The last decade has seen an increased use of Artificial Ground Freezing (AGF) to successfully complete underground structures under very diverse geotechnical conditions all over the world. The growing awareness of the merits of AGF as a temporary ground improvement system with minimal environmental impact is directly related to the progress made in the understanding of the behaviour of frozen soils. Owing to the strong non-linearity of the governing equations, and their reciprocal coupling, the analysis of the Thermo-Hydro-Mechanical (THM) coupled behaviour of frozen soils requires the adoption of numerical techniques. Constitutive models for the behaviour of frozen ground have been developed and implemented with various degrees of sophistication, depending on their particular application purposes. However, a solid framework including also transient effects has yet to be established for fully coupled THM approaches and there is still scope for fundamental research to be carried out on experimental characterisation and constitutive modelling of frozen/unfrozen ground.
The proposed PhD project will investigate experimentally the behaviour of soil on freezing/thawing cycles and then calibrate and improve an existing fully-coupled THM constitutive model against the experimental results.
The project will provide valuable insight into the mechanical behaviour of frozen/unfrozen soils, drawing upon multi-disciplinary knowledge at the interface between soil mechanics, thermodynamics, soil physics, material science, geology and industry.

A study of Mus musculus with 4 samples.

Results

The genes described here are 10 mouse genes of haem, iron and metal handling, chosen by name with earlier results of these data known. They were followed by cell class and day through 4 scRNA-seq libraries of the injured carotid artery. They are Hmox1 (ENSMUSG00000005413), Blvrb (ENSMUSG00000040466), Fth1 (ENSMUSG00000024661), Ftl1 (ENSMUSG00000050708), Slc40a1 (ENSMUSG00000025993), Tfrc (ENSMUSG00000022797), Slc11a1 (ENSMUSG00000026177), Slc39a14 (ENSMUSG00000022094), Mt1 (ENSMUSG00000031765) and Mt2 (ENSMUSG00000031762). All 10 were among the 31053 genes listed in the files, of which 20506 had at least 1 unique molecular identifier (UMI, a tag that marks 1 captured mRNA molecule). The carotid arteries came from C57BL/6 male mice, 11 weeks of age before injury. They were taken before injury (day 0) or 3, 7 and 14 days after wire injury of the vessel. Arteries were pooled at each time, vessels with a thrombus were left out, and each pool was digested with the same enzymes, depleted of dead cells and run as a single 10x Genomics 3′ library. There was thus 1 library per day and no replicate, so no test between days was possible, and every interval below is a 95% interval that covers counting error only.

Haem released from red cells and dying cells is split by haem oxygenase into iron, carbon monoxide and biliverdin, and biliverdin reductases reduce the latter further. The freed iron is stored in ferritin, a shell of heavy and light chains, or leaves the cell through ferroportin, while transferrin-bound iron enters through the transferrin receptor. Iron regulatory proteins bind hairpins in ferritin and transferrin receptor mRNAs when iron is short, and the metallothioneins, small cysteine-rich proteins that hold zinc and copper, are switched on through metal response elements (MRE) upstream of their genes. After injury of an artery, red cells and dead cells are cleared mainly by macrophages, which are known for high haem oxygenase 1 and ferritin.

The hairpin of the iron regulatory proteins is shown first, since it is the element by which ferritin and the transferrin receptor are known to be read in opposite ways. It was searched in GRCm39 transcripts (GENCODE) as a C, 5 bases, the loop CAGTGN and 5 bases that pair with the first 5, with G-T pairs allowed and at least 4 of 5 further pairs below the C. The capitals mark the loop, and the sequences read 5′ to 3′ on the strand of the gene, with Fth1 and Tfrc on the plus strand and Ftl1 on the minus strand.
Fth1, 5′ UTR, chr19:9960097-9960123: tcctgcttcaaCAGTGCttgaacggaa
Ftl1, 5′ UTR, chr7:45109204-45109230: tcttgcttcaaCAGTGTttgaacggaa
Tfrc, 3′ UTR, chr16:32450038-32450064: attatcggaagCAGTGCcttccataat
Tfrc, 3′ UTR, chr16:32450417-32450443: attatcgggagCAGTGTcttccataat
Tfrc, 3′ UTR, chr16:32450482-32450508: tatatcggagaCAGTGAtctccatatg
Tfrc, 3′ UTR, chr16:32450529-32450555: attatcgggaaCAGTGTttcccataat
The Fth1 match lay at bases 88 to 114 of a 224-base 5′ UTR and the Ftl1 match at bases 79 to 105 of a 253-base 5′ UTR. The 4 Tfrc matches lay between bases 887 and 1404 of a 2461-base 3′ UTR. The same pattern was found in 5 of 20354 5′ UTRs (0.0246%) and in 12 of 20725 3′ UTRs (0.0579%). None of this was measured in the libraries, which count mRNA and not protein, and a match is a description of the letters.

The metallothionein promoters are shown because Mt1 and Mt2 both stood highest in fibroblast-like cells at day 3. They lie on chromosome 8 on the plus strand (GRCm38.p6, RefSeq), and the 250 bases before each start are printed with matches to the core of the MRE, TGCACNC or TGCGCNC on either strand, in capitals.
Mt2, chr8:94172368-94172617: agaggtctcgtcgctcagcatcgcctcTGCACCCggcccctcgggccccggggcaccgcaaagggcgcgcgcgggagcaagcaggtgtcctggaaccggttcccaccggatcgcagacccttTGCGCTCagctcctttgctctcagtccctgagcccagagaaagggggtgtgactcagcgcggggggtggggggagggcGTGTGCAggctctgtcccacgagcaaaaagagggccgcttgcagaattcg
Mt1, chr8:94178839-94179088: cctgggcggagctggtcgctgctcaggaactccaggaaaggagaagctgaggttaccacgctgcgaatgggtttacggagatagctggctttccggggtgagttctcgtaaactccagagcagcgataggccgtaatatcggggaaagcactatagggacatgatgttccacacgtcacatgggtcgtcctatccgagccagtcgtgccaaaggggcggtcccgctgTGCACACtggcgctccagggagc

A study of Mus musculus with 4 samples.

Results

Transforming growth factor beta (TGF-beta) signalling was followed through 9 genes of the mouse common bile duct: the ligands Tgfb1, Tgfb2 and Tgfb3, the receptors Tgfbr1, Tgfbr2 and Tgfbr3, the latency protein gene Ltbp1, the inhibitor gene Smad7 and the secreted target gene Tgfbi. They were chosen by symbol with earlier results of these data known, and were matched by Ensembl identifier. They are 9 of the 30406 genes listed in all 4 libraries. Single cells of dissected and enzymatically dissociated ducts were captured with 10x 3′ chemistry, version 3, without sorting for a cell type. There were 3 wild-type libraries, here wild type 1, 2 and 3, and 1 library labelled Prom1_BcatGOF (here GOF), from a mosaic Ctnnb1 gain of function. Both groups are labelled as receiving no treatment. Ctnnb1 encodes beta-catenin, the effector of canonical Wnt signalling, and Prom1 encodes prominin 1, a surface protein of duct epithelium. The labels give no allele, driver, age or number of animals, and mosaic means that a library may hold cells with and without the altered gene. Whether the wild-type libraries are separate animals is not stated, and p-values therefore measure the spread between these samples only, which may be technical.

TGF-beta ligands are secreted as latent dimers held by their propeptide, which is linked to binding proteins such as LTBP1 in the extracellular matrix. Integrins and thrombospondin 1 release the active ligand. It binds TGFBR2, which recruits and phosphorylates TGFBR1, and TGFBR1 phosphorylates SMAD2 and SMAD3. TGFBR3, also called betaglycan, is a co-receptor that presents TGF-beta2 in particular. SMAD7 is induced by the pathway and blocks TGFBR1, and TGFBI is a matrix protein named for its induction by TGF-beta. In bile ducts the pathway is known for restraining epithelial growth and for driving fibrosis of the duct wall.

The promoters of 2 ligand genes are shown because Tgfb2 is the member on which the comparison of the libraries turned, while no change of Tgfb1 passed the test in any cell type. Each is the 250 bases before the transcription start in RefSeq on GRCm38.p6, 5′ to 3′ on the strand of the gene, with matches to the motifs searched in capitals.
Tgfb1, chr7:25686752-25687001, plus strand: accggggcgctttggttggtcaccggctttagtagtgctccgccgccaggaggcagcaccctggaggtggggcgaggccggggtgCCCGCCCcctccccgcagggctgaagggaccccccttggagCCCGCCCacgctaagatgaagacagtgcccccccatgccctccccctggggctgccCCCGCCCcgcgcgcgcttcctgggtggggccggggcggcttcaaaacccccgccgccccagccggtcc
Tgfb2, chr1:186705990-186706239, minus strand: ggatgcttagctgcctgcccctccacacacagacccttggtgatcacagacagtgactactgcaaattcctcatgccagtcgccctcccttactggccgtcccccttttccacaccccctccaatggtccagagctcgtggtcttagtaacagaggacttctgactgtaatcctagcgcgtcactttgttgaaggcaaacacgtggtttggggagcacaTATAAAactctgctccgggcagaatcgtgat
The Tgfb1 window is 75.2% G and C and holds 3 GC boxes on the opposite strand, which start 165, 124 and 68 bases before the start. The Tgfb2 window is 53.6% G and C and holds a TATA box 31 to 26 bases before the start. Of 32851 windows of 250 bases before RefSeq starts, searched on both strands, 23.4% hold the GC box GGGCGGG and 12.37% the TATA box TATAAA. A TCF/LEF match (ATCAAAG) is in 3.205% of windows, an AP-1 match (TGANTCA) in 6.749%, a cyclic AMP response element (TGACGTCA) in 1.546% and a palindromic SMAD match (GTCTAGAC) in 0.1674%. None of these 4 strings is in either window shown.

The final goal of the research is to model AGF as a construction process accurately, thus gaining confidence in the engineering design of this type of works. However, applications of potential findings span a number of sectors in engineering from the analyses of frost heave to the effect of freezing-thawing cycles in cold regions, to the identification of potential hazards to infrastructure connected to permafrost degradation due to global climate change.
Applicants should have (or expect to obtain by the start date) a high 2:1, preferably a 1st class honours degree in an Engineering or related subject. Knowledge of continuum mechanics, thermodynamics, soil mechanics, and geotechnical engineering is desirable (any experience in equipment development and /or constitutive modelling would be an advantage)
EPSRC DTP studentships are fully-funded (fees and maintenance) for UK students or provide fees only for EU students from outside the UK, subject to eligibility requirements. Further details about eligibility can be found at: https://epsrc.ukri.org/skills/students/help/eligibility/.
To apply for this studentship, please send a CV, a transcript and a cover letter to firstname.lastname@example.org, with subject "Artificial Ground Freezing - PhD", to arrive no later than midnight on 31 January 2020. Queries about the post should also be addressed to Prof. Giulia Viggiani at email@example.com.
Please note that any offer of funding will be conditional on securing a place as a PhD student. Candidates will need to apply separately for admission through the University's Graduate Admissions application portal; this can be done before or after applying for this funding opportunity. Note that there is a £65 fee for PhD applications. The applicant portal can be accessed via: www.graduate.study.cam.ac.uk/courses/directory/egegpdpeg. The final deadline for PhD applications is 30 June 2020, although it is advisable to apply earlier than this.
The University actively supports equality, diversity and inclusion and encourages applications from all sections of society.